Though a lot was not known immediately about the cause of the deadly collapse of a high-rise residential building in Surfside, Florida on June 24, Hota GangaRao, a civil and environmental engineering professor at West Virginia University’s Benjamin M. Statler College of Engineering and Mineral Resources, has identified three possible contributing factors: quality of construction, subsidence and corrosion.
Early in the emergency response, officials estimated the collapse had affected about half of the units at the 12-story Champlain Towers South which was built in 1981.
Quotes and Comments
“To me, it appears that the quality of the construction is not the best because buildings of this nature should survive at least 80 to 100 years. A lot will be learned, in an engineering sense, after closely inspecting the surviving portions of the collapsed building.
“There is no question that there was some type of subsidence in the ground with regards to the foundation which is somewhat similar to the ground subsidence that we see when we have underground mines in West Virginia. One might ask, ‘Why only one portion of the tower initially collapsed?’ There may not have been uniform subsidence throughout the entire area.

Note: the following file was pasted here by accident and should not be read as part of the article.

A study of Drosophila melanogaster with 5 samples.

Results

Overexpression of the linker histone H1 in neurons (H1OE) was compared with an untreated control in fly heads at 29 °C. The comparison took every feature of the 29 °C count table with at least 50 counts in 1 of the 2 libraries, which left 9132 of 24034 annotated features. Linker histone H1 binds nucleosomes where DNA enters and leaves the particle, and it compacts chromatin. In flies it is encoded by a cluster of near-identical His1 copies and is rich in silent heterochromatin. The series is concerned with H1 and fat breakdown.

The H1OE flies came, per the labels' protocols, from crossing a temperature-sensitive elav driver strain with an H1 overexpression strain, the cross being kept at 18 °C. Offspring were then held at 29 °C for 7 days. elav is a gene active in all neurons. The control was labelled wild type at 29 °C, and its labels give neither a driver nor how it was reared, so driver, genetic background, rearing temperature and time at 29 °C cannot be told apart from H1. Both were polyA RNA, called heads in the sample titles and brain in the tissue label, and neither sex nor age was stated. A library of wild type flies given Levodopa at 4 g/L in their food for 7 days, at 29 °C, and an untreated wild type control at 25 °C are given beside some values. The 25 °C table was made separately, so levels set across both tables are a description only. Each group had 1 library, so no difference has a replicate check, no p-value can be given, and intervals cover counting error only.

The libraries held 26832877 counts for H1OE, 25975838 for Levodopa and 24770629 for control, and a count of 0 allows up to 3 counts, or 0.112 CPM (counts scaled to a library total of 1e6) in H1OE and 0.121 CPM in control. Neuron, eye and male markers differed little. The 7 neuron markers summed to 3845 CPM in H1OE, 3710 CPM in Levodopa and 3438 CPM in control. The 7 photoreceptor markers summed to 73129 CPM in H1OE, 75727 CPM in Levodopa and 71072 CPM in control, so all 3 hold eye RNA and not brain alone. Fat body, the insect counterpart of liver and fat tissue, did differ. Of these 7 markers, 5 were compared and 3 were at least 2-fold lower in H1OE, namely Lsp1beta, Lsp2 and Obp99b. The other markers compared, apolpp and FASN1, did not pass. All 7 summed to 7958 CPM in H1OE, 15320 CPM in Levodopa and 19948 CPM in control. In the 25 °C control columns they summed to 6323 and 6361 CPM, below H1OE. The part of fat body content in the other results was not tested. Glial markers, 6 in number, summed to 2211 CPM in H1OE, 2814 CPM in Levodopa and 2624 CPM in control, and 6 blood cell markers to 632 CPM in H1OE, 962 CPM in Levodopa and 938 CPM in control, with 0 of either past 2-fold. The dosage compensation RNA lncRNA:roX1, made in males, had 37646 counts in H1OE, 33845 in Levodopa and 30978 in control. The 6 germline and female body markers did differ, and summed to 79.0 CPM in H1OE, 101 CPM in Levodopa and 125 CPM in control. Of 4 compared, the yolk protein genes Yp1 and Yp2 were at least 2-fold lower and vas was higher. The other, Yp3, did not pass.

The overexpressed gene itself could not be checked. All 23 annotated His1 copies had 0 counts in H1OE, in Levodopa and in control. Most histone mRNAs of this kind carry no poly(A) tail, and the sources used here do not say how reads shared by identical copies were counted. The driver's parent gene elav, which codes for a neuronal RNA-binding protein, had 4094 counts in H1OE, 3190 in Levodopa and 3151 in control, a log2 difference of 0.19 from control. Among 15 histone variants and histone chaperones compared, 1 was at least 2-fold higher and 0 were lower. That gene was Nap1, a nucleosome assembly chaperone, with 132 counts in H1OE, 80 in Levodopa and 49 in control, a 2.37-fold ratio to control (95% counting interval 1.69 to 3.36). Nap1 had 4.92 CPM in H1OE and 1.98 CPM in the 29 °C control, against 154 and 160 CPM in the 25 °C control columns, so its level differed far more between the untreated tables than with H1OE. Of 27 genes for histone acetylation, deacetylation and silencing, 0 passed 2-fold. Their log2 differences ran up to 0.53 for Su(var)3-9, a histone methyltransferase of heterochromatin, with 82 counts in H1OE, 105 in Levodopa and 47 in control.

“These structures, so close to coastal areas with huge amounts of salt effects in the environment, do see corrosion to the rebars, reinforcing bars, in the concrete floors as well as columns. If you have some form of cracks (in concrete) and you have salt in the air then the rebar starts to corrode. The rebar will expand and result in bigger cracking leading to slab or column failure.” - Hota GangaRao, the Maurice and Jo Ann Wadsworth Distinguished Professor of Civil and Environmental Engineering, Benjamin M. Statler College of Engineering and Mineral Resources
GangaRao also serves as the director of WVU’s Constructed Facilities Center and Center for the Integration of Composites into Infrastructure.
GangaRao previously worked with Praveen Majjigapu, a Ph.D. student, to develop a system to increase the strength and endurance of structures during natural disasters while also aiding repairs for historic or aging structures.